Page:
A Drop in the Bucket
Many of us are conscious of huge global disparities. We realize that the 12 percent of the world’s population in North America and Europe accounts for 60 percent of private consumption spending, while the 35 percent living in South Asia and sub-Saharan Africa accounts for only 3.2 percent. We are aware that the 5 percent of the global population residing in the United States uses about a quarter of the world’s fossil fuel resources—we are wired to use too much energy, too much oil, too much food and too much technology.
Yet these are systemic issues. My own commitment to use public transit means little if government policies continue to allow highway widening and the building of suburban communities farther away from work centers, so that other households are buying two and three vehicles to manage their transportation needs. My recycle bin would be unnecessary if my political leaders would simply reinstitute a small deposit on glass, metal and plastic beverage containers.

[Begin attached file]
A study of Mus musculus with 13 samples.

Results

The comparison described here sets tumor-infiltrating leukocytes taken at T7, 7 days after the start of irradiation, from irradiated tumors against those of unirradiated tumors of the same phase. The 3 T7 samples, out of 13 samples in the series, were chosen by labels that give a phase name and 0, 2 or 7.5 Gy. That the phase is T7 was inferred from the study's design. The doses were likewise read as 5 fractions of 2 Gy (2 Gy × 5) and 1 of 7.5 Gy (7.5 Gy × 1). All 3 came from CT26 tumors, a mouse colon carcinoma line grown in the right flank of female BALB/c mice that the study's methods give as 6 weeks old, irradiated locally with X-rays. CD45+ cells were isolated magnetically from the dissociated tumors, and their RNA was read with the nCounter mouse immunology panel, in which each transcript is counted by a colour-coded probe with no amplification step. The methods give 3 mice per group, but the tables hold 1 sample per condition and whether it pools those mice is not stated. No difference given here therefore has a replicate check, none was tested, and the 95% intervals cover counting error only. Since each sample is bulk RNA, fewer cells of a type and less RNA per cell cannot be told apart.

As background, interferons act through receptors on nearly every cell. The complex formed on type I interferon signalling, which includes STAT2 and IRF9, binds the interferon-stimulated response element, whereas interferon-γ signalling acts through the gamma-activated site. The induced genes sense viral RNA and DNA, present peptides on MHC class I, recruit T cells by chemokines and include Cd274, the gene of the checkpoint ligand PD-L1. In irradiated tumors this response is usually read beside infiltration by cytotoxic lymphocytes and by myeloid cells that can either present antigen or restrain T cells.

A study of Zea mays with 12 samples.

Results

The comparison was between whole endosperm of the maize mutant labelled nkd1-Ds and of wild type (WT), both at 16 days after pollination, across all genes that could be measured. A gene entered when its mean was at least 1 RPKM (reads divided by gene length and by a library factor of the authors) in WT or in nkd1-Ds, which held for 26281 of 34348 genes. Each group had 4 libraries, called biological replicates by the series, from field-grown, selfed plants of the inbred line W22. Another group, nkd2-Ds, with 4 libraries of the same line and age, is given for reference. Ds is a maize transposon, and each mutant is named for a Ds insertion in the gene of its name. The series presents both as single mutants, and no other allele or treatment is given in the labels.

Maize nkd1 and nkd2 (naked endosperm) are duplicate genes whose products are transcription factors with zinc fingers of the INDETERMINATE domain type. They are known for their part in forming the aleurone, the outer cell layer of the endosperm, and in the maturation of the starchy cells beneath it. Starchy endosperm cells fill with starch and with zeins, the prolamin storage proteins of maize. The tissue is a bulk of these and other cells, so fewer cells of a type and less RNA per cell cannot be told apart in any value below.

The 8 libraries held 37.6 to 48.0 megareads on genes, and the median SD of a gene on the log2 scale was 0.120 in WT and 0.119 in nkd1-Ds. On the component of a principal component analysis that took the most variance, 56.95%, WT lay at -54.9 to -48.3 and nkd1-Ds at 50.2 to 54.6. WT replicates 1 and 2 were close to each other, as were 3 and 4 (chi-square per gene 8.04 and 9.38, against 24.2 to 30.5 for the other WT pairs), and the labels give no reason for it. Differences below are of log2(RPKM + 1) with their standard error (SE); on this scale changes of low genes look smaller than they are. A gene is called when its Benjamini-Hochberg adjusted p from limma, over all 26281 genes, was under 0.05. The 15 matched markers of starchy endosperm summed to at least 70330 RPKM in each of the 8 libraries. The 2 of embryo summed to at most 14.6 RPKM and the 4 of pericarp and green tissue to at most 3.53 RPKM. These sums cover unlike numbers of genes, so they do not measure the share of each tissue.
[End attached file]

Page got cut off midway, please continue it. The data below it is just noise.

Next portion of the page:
A persistent, deadening logic eventually raises its head in any conversation I have about accountability for the environment: “What good does it do if I recycle this cup? Or don’t shop at Wal-Mart? Everyone else still does it. Personal lifestyle changes are such a small drop in the bucket, they have almost no impact.”
What difference can our personal choices make? Which choices will have the most impact? Find out by reading the full text of this article in the July/August issue of Horizons.
Call 800/524-2612 or subscribe to Horizons or order the July/August 2007 issue (HZN-07-230; $4 plus shipping).
Dee Dee Risher edited The Other Side, a magazine that sought to give voice to those on the “other side” of world power and wealth and to break through barriers of race, class, nationality, gender and sexual identity. Dee Dee loves to garden and hang clothes while she listens to the birds. She lives and writes in Philadelphia.
Photo by Scott Raffe/ibidPhotos.com
Other Articles Online This Issue
Items underlined can be seen in this Web site, all others appear in the July/August 2007 (HZN-07-230) issue of Horizons magazine.